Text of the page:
What We Do Creative, Customized Design and Execution
 
Focus Group
Mini Groups, Cohorts, One-on-Ones
One-on-Ones
Super Groups
Consumer Labs
Quali-Quants
Quali-Quants
In Situ
Immersion Studies
Observational and Ethnography

Age Segment Expertise:
Kids/Teens
Millennials
Boomers
Seniors

Market/Industry Expertise:
CONSUMER PACKAGED GOODS
   NEW PRODUCTS
   FOOD & BEVERAGE (INCLUDING
   ALCOHOLIC BEVERAGES)
   HEALTH & WELLNESS
   “GREEN”/SUSTAINABILITY/NATURAL & ORGANIC

FASHION/PERSONAL CARE

HOUSEHOLD DURABLES

NON-PROFIT ORGANIZATIONS
   ARTS/CULTURAL
   EDUCATION
   POLITICAL/SOCIAL

RECREATION/SPORTS

FOOD SERVICE
   QSR
   CASUAL DINING

RETAIL

TOURISM/TRAVEL

 

 

Mini-GroupsGirl Buddies photo
(DYADS, TRIADS, & QUADS, oh my!)
Sometimes the anonymity of the typical eight-respondent focus group gets subjects to open up in ways they never could otherwise. But with some projects, either because of the sensitivity of the topic or the age of the respondents, more intimate groups are more insightful. These smaller groups allow each respondent to express him- or herself more fully and completely, and allow us to probe more deeply.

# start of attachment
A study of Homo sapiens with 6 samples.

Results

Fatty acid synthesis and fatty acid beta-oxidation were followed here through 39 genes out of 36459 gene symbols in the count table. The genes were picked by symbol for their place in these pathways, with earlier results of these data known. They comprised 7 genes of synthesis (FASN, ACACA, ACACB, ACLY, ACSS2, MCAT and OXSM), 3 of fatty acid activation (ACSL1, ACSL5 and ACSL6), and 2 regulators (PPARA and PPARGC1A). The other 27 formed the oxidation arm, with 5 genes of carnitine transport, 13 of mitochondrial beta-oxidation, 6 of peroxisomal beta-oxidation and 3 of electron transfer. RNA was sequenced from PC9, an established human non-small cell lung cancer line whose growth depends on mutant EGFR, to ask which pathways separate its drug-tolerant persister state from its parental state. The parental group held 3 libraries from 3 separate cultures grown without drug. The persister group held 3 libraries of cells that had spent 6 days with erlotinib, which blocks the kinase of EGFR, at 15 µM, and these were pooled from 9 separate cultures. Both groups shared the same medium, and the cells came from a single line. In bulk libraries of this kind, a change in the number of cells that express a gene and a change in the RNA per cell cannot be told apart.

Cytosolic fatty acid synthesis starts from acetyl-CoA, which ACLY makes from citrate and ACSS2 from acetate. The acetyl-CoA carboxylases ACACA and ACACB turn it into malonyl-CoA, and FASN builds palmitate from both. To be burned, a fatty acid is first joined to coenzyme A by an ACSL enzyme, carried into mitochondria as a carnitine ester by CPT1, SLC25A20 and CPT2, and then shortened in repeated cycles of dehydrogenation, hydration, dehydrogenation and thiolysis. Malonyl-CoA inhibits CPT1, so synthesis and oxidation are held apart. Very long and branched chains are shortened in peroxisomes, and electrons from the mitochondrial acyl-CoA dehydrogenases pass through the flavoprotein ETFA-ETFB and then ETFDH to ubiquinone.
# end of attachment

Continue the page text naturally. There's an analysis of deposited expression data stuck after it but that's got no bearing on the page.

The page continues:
Cohort Groups
Kid BuddiesThese are also known as "buddy groups": talking with people who already know each other pre-research. They're recommended whenever you need to understand the actual dynamic of the cohort itself (e.g., how Millennials interact with each other). They are also especially valuable when researching younger kids (<7), who are much more confident and expressive when surrounded by friends.

One-on-Ones
One-on-one interviews can be appropriate for very sensitive or personal topics, when you need to understand how consumers might use something in an observable setting, or when your target is highly professional (i.e., Dr., CEO, etc.). While effective, they are not as efficient as other qualitative techniques, so they should be used sparingly.